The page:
The numbers so far on migration to Windows 8 haven’t looked stellar. Many users, both in workplaces and on their home personal computers, have been slow to move over to Microsoft’s newest operating system, sticking to previous models and appearing apathetic about making the switch. Windows 8′s market share pales in comparison to that of its counterparts, most notably including Windows 7 and Windows XP.

    This sluggishness in the growth of Windows 8 won’t last forever, though. Currently, the OS is struggling to crack 5 percent of the total market, but that will change in the months and years ahead, and eventually, people will learn to embrace the interface as the way computing is done.

    Here are three reasons to be optimistic for Windows 8′s future.

    A willingness to innovate
    Daily Finance reported in May that Microsoft was working to retool its operating system in response to flagging sales numbers. After seeing a 14 percent decline in the sales of PCs, the corporation looked to scrap everything and make its software sleeker, more efficient and easier to use. Improving the experience is everything to Microsoft. By showing this dedication to a better OS, the corporation proves that it’s willing to do whatever’s needed for its users.

    Embracing mobile
    Specifically, one positive step that Microsoft has taken is to design an OS that’s more accommodating to mobile users. Makers of mobile devices have responded by producing gadgets that take full advantage of the interface. For example, Business Insider reported that Amazon has made an 8-inch Acer tablet that will run the full version of the new OS. As mobile technologies continue to grow in popularity, makers of tablets and other devices will further promote the growth of Windows 8.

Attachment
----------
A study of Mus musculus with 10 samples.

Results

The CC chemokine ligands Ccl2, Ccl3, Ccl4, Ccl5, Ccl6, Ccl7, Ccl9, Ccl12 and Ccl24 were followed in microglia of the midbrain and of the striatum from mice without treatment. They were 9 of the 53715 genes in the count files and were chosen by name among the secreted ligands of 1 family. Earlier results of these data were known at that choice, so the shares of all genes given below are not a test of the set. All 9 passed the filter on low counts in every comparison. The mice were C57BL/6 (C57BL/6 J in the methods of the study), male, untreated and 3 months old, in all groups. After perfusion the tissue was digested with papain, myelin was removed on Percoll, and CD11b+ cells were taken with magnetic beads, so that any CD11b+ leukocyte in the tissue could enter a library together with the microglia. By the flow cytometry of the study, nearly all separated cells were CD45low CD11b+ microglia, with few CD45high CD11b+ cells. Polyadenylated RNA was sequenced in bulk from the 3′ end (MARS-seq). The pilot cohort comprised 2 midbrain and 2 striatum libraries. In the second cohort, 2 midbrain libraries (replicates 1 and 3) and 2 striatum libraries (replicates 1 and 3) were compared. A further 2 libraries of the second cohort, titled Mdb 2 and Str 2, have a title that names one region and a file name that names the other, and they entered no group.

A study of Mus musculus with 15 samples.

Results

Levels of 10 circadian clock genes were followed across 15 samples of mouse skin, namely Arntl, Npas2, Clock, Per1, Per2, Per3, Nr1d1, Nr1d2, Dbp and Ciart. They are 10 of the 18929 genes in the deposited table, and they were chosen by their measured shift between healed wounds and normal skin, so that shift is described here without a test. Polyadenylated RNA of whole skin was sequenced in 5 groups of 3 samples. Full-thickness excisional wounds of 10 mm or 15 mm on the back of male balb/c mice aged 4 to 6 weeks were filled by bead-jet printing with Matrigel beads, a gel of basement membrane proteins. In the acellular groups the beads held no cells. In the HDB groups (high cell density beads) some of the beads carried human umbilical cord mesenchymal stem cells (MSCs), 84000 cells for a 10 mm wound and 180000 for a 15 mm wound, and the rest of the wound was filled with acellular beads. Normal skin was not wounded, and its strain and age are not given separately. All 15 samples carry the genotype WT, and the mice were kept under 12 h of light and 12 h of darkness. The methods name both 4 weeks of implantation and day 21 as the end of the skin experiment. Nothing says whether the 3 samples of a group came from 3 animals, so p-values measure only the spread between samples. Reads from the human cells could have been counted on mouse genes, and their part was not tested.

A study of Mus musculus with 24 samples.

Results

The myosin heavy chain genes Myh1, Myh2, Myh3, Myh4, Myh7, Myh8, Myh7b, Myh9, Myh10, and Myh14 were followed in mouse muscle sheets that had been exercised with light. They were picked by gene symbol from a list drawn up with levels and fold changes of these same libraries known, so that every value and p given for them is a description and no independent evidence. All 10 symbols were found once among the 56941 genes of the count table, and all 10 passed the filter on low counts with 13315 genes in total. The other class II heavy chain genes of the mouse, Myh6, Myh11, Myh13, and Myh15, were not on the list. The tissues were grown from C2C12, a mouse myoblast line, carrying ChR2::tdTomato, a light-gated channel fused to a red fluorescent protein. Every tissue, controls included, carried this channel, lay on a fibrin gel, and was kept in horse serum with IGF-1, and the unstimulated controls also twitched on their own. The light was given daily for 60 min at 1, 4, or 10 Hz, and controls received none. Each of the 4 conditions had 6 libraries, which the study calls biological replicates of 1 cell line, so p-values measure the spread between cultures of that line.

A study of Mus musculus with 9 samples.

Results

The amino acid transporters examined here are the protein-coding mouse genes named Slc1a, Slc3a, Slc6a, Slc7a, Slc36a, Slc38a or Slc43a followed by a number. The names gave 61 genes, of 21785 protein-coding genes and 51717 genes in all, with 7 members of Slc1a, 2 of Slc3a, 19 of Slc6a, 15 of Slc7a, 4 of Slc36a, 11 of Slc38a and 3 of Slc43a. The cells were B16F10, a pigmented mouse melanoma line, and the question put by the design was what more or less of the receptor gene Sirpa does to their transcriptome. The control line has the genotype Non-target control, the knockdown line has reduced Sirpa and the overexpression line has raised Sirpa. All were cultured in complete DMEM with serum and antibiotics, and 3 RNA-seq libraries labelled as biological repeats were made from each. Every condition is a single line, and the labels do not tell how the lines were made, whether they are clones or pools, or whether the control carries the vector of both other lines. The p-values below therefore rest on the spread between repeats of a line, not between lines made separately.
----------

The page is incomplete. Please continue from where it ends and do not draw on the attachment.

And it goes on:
Changes in customer service
    Soon, customer service rules will dictate that people must switch over to Windows 8 or risk being left behind. Techday recently noted that Microsoft plans to end service for its Windows XP operating system by April 8, 2014. At this point, companies and individual users must decide whether to make the transition or put themselves at risk for numerous technical problems. Security shortcomings, server downtime and a lack of compatibility with software solutions are all among the potential problems that could arise. Faced with these troubles, users will have no choice but to make the move.

    Windows 8 may not be dominating in the present, but it will be the operating system of the future.